Corporate Executive Survey Commentary: Labor Costs No Longer Paramount
The cost of labor can sometimes be replaced by increased automation, but employees with a higher skill level are still needed.
Don Moss, Vice President, Colliers International and Grant Miller, Vice President, Colliers International (Q1 2014)
The first two factors in the new rankings for Corporate Survey parallel what we are hearing from our clients. Availability of skilled labor is of high importance to the majority of our manufacturing clients. We are hearing more and more that skilled labor is becoming scarce, and many companies have to be creative in recruiting those individuals whom they can quickly train and grow into key positions.
Highway accessibility, logistics, and transportation costs are also a critical factor. As fuel costs rise, companies are thinking ahead to where their customer base will be located (either consumer or other companies) and how best to position a manufacturing or distribution facility so it will continue to be located central to customers and not outside a logical delivery route.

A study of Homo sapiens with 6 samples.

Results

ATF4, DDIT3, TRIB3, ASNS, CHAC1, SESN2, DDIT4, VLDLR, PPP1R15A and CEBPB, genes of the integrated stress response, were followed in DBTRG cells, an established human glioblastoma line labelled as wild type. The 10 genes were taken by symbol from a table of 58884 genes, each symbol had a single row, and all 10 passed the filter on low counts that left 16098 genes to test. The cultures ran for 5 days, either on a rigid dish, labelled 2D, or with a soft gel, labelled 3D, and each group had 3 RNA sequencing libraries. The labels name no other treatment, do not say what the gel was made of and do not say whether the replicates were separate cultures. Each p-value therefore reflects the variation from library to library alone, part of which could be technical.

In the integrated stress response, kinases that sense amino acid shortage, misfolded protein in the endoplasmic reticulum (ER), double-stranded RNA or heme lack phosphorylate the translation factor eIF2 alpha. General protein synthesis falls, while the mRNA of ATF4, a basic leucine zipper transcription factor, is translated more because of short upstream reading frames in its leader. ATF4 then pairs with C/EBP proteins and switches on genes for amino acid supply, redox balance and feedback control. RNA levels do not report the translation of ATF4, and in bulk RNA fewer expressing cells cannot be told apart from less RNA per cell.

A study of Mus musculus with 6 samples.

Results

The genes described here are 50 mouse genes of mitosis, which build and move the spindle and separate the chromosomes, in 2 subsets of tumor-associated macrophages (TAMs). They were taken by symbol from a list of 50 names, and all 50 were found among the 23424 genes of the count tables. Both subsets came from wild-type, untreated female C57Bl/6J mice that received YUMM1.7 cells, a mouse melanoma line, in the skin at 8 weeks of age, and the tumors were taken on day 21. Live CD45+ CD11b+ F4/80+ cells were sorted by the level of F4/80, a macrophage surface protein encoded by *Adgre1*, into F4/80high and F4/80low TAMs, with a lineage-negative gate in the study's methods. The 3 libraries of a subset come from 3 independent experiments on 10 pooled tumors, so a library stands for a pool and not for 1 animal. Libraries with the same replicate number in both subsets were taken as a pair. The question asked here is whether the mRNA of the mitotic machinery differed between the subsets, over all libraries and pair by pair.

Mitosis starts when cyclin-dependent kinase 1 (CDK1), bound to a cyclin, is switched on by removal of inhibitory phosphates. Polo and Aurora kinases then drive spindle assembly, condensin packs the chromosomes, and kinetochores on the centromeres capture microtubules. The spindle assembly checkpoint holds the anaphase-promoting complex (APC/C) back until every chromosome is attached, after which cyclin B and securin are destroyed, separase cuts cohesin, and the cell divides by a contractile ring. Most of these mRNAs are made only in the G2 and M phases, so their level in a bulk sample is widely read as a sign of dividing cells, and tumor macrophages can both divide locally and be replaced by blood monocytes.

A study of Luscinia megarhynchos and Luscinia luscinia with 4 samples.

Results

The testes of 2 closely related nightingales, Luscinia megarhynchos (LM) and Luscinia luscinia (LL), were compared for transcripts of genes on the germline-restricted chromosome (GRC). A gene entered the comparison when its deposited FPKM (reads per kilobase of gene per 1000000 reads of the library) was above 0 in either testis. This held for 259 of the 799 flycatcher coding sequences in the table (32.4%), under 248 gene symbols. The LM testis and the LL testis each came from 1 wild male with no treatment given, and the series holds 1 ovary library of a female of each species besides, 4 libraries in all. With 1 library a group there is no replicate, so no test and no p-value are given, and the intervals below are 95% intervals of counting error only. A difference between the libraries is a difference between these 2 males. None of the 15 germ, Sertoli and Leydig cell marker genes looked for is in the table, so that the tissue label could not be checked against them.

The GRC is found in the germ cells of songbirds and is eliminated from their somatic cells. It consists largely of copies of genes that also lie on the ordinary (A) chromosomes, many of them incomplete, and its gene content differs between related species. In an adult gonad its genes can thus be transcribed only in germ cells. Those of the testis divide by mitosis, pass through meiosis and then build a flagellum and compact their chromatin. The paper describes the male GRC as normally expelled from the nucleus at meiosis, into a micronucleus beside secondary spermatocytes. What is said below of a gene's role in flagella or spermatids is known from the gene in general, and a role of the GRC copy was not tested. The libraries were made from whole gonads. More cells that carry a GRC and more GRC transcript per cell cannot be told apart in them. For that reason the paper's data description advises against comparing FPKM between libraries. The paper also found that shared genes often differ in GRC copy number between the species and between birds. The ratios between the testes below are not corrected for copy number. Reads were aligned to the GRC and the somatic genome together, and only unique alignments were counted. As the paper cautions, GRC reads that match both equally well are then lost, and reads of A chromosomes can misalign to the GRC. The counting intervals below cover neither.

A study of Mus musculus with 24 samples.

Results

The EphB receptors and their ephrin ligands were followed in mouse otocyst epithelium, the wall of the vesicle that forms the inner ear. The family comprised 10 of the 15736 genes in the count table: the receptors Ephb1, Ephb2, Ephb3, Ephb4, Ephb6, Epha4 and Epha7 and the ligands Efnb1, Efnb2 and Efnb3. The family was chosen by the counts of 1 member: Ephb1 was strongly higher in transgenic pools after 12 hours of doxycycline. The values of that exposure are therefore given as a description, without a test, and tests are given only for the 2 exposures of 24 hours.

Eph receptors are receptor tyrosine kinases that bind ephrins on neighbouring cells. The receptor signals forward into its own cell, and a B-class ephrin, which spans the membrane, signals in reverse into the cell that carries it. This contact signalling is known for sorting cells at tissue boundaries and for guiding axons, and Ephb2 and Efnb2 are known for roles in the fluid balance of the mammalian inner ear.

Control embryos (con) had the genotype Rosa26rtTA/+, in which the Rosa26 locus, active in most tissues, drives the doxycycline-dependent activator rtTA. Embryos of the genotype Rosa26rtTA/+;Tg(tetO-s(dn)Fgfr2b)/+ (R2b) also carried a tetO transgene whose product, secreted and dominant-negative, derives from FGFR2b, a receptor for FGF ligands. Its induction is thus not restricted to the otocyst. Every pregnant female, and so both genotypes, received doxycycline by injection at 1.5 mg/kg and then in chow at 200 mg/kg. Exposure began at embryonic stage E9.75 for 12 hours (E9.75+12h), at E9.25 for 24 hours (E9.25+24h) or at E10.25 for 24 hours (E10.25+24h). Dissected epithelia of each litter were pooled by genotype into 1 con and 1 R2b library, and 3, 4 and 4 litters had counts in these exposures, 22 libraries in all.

The movement of the labor costs factor from first to third in the rankings is a reflection of a tight labor market. The immediate concern is finding a skilled work force; the cost of labor can sometimes be replaced by increased automation. As robotics becomes less expensive, we are finding companies looking for additional ways to automate, thus reducing the number of overall employees, but still needing employees with a higher skill level.
We were surprised by the drop in the ranking of energy costs from 6th in 2012 to 10th in 2013. Many manufacturing companies will increasingly demand lower energy costs to compete and reshore production from overseas. We continue to hear that maintaining low-cost energy is paramount for our client’s ongoing success.
The available buildings factor did move from a ranking of 8th in 2012 to 6th in the 2013 survey. This is due to a dwindling supply of quality existing facilities. As the real estate market tightens, this factor could rise in the rankings for 2014.